It’s productive learning from your own mistakes: Homi Adajania

Debarati Palit Singh
Tuesday, 23 January 2018

Filmmaker Homi Adajania says that one cannot be taught filmmaking as it’s a intuitive thing and he is not a big fan of filmmaking courses

Filmmaker Homi Adajania says that one cannot be taught filmmaking as it’s a intuitive thing and he is not a big fan of filmmaking courses

Homi Adajania says that Bollywood is one of the most forgiving industry. “It’s quite evident with number of people getting a second chance. It’s never like your material flops and you are written off. This includes everyone from actors, directors to musicians. If fact, you get many chances in this industry,” says the filmmaker while promoting  HP India MTV Fame-istan. Homi has mentored a budding filmmaker Subham Yogi. Fame-istan will train four aspiring filmmakers to make a short film and each one is mentored by well-known names from the Indian film industry.

Talking about his mentorship, Homi says that he dint wanted get to involved in the project that suddenly it stops becoming the other person’s project but instead looks like his own. “These people had no idea what and how to make a film but I wanted them to make their own mistakes and learn from it. I guided them on how I will do. But I kept emphasising that, ‘this is your story, tell it the way you want to tell it’. I strongly believe that it’s much productive learning from your mistakes rather than borrowing from someone else’s idea and then realising that you have not done anything yourself,” says the filmmaker known for films like Being Cyrus, Cocktail and Finding Fanny.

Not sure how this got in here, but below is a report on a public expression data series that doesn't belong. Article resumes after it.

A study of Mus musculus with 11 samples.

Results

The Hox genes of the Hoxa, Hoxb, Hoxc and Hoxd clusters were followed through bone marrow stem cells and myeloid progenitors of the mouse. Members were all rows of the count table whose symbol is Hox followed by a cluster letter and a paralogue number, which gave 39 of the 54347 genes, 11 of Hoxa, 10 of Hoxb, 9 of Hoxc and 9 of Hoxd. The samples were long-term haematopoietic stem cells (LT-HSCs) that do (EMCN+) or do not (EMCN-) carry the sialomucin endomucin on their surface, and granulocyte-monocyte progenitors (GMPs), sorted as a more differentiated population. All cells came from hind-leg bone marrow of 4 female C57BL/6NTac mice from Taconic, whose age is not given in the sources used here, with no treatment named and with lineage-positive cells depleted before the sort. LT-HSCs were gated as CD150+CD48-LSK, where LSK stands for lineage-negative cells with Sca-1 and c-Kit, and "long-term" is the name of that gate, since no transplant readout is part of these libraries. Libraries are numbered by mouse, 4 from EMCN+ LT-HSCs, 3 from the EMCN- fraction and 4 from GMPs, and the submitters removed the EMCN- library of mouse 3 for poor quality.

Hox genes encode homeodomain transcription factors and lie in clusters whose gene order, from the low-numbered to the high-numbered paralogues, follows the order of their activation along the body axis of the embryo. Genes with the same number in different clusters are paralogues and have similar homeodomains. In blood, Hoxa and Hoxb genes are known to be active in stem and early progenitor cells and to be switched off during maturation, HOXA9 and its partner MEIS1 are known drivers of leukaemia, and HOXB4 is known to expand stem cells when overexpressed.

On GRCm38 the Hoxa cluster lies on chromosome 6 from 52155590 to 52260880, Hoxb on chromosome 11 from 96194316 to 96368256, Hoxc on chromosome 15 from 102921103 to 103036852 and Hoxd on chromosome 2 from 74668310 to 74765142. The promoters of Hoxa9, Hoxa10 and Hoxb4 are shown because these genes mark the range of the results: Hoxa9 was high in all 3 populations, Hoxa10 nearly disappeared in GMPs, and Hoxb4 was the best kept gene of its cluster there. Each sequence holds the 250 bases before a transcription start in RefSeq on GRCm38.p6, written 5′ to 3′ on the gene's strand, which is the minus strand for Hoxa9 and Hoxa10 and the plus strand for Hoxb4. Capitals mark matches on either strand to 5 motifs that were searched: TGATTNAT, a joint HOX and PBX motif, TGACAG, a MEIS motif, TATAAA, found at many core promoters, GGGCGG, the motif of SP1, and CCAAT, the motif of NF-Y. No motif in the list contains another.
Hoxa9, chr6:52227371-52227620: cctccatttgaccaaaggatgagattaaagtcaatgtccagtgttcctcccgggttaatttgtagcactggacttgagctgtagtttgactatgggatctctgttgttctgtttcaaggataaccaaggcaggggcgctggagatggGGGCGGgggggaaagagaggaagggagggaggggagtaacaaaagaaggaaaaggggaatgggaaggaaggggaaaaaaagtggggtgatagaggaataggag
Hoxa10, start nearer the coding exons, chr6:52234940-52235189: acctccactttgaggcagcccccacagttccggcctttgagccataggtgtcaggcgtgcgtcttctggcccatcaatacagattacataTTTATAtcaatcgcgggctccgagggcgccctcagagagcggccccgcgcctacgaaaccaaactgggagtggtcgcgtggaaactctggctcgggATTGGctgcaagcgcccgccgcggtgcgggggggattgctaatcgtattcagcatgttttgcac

He adds that Yogi showed some of the rough cuts and they have thorough discussions on how he should shoot the film. “I shared with him all the faults that I have made as a filmmaker and believe me, I have made lots of them. Considering that he’s never made a film before, but he has still done a good job,” he says, adding, “In that sense, this has opened many doors for him and what he aspires to work on in this medium. Let them go through their journey because it will teach them a lot. They will realise what do they like, how to tell a story.”

But what’s best the best piece of advice, he had received in his career so far, to which Homi replies, “The best advice I would like to share is that, ‘trust your instinct and have fun’. The moment people start over-analysing, start taking things seriously, listen to other people, that’s when they go wrong.”

Is mentorship important to become a filmmaker or is it something inbuilt; you either have it in you or you don’t? “I have to actually agree with you on that,” says the filmmaking, adding that one cannot teach anyone to become a director. “It’s a very intuitive thing. A lot of people think it’s easier than it is, then try to make a film and learn the hard way. I have been often called to teach direction at film schools but as an mentor, I can only share my experiences with them or how I approached the craft. But I definitely can’t teach them how to become a director,” he says. He adds that he is not a big fan of these film direction courses. “Even with Yogi, I have guided him but it’s now up to him to decide if he wants to get into director or post production.

As we movie towards films, he says that he will make an official announcement of his next film soon. But why does he takes so long gaps between each project? “Because I am busy living my life. I am busy doing other stuff, I am Scuba Diving instructor, I spend lot of time into adventure sports and then babysitting my kids who are small. There’s too much in life rather than putting your head down and doing one thing. If I am keen to tell a story, I will jump into telling the story. I cannot tell a story just to make money. Money has never been a motivating factor for me,” he says. He adds that luckily he is not chasing a dream that he has to make 20 films. “If I wake up one day and have a story to tell, I will go ahead and tell it.”